McEachern v. StateAnnotate this Case
474 N.E.2d 1034 (1985)
William Alexander McEachern, Appellant (Defendant below), v. STATE of Indiana, Appellee (Plaintiff below).
Court of Appeals of Indiana, Fourth District.
February 26, 1985.
*1035 Robert W. Hammerle, Indianapolis, for appellant.
Linley E. Pearson, Atty. Gen., Lee Cloyd, Deputy Atty. Gen., Indianapolis, for appellee.
William A. McEachern was convicted by the court of child molesting, a Class C felony under IND. CODE 35-42-4-3(b). On appeal, he raises two issues: (1) whether the court erred in admitting evidence of other acts of sexual misconduct, and (2) whether the evidence was sufficient to support the conviction.
In May of 1983, McEachern was preparing to leave his position as minister of the Oaklandon Universalist Church. One Saturday during that month, he asked several children from his congregation, including eight-year-old A.W., to help him pack up and move some books from the church.
During the course of the afternoon, the defendant followed A.W. when she went to get a drink of water from the kitchen in the basement of the church. He then pulled A.W. onto his lap and held her there while he rubbed her vagina through her clothes. McEachern repeated this act later the same afternoon when he found himself alone with the child in his office.
A.W. subsequently described this incident to her parents. At trial, she added to this account that the defendant had repeatedly touched her in this manner since she was approximately six years old. Her ten-year-old friend D.W., a former member of the same congregation, testified that she had seen McEachern touch A.W.'s breasts *1036 and that he had attempted to touch her own breasts as well.
McEachern first contends that the trial court erred in admitting this testimony of the victim and D.W. regarding acts of sexual misconduct other than the particular incident charged in the information. Appellant correctly asserts that evidence of separate, independent, and distinct crimes is inadmissible to prove guilt, although it may be admissible if it tends to prove intent, motive, purpose, identification, or common scheme or plan. Jackson v. State (1983), Ind., 446 N.E.2d 344. As we conclude below in our discussion of the sufficiency of the evidence, the testimony of the two girls is probative of the defendant's intent and is therefore properly admissible.
In addition, such evidence may be introduced to establish that the accused has demonstrated a "depraved sexual instinct". Grey v. State (1980), 273 Ind. 439, 404 N.E.2d 1348. This rule allows for the admission of evidence of prior sexual misconduct which evinces a depraved sexual inclination similar to the sexual instinct involved in the crime charged. Jarrett v. State (1984), Ind., 465 N.E.2d 1097. Contrary to appellant's assertion, our courts have recognized this exception in child molesting cases. Puckett v. State (1982), Ind. App., 443 N.E.2d 77. The incidents related by A.W. and D.W. manifest defendant's predilection to engage in sexual contact with children; this testimony is obviously relevant to the instant child molesting charges.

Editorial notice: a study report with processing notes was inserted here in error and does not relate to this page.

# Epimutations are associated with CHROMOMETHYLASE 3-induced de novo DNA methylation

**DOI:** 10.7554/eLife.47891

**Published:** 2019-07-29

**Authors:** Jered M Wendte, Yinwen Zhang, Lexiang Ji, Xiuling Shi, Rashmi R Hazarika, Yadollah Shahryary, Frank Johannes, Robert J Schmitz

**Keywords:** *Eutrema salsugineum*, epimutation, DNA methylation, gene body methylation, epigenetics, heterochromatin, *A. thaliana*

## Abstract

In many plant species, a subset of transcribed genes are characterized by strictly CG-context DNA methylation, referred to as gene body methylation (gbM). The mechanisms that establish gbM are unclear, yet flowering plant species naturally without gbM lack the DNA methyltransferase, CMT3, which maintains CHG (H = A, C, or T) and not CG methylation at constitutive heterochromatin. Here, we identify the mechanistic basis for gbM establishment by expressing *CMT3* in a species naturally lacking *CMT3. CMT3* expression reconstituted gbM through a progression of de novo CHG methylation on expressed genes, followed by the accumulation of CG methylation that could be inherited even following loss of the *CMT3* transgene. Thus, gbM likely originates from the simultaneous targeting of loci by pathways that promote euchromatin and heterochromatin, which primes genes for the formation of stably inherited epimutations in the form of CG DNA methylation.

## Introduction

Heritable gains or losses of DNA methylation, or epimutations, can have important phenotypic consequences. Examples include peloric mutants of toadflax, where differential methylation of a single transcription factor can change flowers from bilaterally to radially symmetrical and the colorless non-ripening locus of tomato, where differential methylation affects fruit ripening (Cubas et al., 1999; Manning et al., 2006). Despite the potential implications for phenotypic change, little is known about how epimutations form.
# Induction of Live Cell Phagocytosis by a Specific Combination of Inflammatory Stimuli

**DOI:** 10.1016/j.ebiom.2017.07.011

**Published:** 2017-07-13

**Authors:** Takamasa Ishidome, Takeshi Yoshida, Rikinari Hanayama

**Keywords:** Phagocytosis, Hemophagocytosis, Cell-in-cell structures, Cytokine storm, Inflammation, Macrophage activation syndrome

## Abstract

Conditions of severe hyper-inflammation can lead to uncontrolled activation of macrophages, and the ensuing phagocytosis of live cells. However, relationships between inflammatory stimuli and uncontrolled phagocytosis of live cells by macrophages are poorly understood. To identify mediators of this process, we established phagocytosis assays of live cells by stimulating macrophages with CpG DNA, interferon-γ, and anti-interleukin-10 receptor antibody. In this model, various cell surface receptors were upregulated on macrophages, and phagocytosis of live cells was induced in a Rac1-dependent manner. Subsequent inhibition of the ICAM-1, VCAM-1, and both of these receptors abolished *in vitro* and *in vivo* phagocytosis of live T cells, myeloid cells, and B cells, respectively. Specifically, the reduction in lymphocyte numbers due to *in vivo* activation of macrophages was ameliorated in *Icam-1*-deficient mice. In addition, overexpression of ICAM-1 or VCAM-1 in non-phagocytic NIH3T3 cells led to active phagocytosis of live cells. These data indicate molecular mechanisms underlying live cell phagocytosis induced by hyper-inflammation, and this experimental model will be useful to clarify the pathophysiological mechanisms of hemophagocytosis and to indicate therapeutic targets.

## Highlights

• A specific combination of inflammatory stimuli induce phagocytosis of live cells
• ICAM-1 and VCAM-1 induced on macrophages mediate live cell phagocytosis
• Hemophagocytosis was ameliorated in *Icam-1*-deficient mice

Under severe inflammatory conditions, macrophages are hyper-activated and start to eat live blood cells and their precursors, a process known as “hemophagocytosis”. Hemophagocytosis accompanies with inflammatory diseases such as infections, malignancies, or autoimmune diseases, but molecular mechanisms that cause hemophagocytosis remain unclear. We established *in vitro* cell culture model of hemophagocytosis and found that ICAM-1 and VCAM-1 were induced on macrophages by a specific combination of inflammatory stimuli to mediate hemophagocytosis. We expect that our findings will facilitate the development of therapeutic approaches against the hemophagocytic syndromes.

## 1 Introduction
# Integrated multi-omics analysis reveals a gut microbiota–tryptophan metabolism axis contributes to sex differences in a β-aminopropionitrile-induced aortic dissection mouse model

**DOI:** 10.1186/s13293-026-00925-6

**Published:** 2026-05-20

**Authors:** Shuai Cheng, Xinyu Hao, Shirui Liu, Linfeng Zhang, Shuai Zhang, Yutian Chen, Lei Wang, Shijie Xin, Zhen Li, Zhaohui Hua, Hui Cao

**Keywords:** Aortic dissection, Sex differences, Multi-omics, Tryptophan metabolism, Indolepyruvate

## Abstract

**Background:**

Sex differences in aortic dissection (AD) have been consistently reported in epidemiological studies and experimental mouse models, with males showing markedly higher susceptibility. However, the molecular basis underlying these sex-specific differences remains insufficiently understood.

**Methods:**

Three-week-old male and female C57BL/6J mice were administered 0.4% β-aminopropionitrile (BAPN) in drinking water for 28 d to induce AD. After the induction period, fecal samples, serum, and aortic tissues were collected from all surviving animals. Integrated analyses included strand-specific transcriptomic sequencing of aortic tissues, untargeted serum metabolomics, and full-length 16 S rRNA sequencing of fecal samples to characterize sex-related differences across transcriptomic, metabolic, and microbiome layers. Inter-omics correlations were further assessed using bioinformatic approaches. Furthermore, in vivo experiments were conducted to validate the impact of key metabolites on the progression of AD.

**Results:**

Appellant further objects to the admission of A.W.'s testimony on grounds that she could not recall the precise times and dates of the prior incidents. This contention is without merit as such imprecision clearly goes to the weight of the testimony and not its admissibility. Puckett, supra. We find no error in the admission of this evidence.
Appellant also challenges the sufficiency of the evidence to establish that he acted with the specific intent required for this crime by the terms of IC XX-XX-X-X(b):A person who, with a child under twelve (12) years of age, performs or submits to any fondling or touching, of either the child or the older person, with intent to arouse or to satisfy the sexual desires of either the child or the older person, commits child molesting, a Class C felony ... (emphasis added).
Our oft-stated standard of review for sufficiency of the evidence allows us to consider only the evidence favorable to the judgment, together with reasonable inferences which may be drawn therefrom. We may neither reweigh the evidence nor assess the credibility of witnesses. If substantial evidence of probative value establishes each element of the offense, we must affirm. Gatewood v. State (1982), Ind., 430 N.E.2d 781.
In this case, appellant questions the sufficiency of the evidence to establish his specific intent to arouse or satisfy sexual desire. Because specific intent is a mental state not generally susceptible of direct proof, it may be inferred from all the surrounding circumstances. Smith v. State (1979), 270 Ind. 479, 386 N.E.2d 1193; Shields v. State (1983), Ind. App., 456 N.E.2d 1033. Our courts have held that evidence of intentional touching of the victim's genital area justifies an inference that the defendant acted with intent to arouse or gratify sexual desire. Tapp v. State (1971) 256 Ind. 422, 269 N.E.2d 367; Best v. State (1981), Ind. App., 418 N.E.2d 316.
The evidence in this case establishes an ongoing course of sexual misconduct on the part of defendant, who repeatedly fondled the victim and attempted sexual contact with another young girl in his congregation. As indicated in our foregoing discussion, A.W.'s and D.W.'s testimony to this effect is properly admissible as probative of defendant's mental state. This evidence of continuing sexual behavior toward young girls counters McEachern's testimony in his own behalf that he may have touched A.W. in the genital area, but did so inadvertently. As we may not on appeal *1037 reweigh this testimony or evaluate its credibility, we conclude that ample evidence establishes each element of the offense of child molesting, including defendant's intent to arouse or satisfy sexual desire.
The trial court's judgment is affirmed.
MILLER, P.J., and CONOVER, J., concur.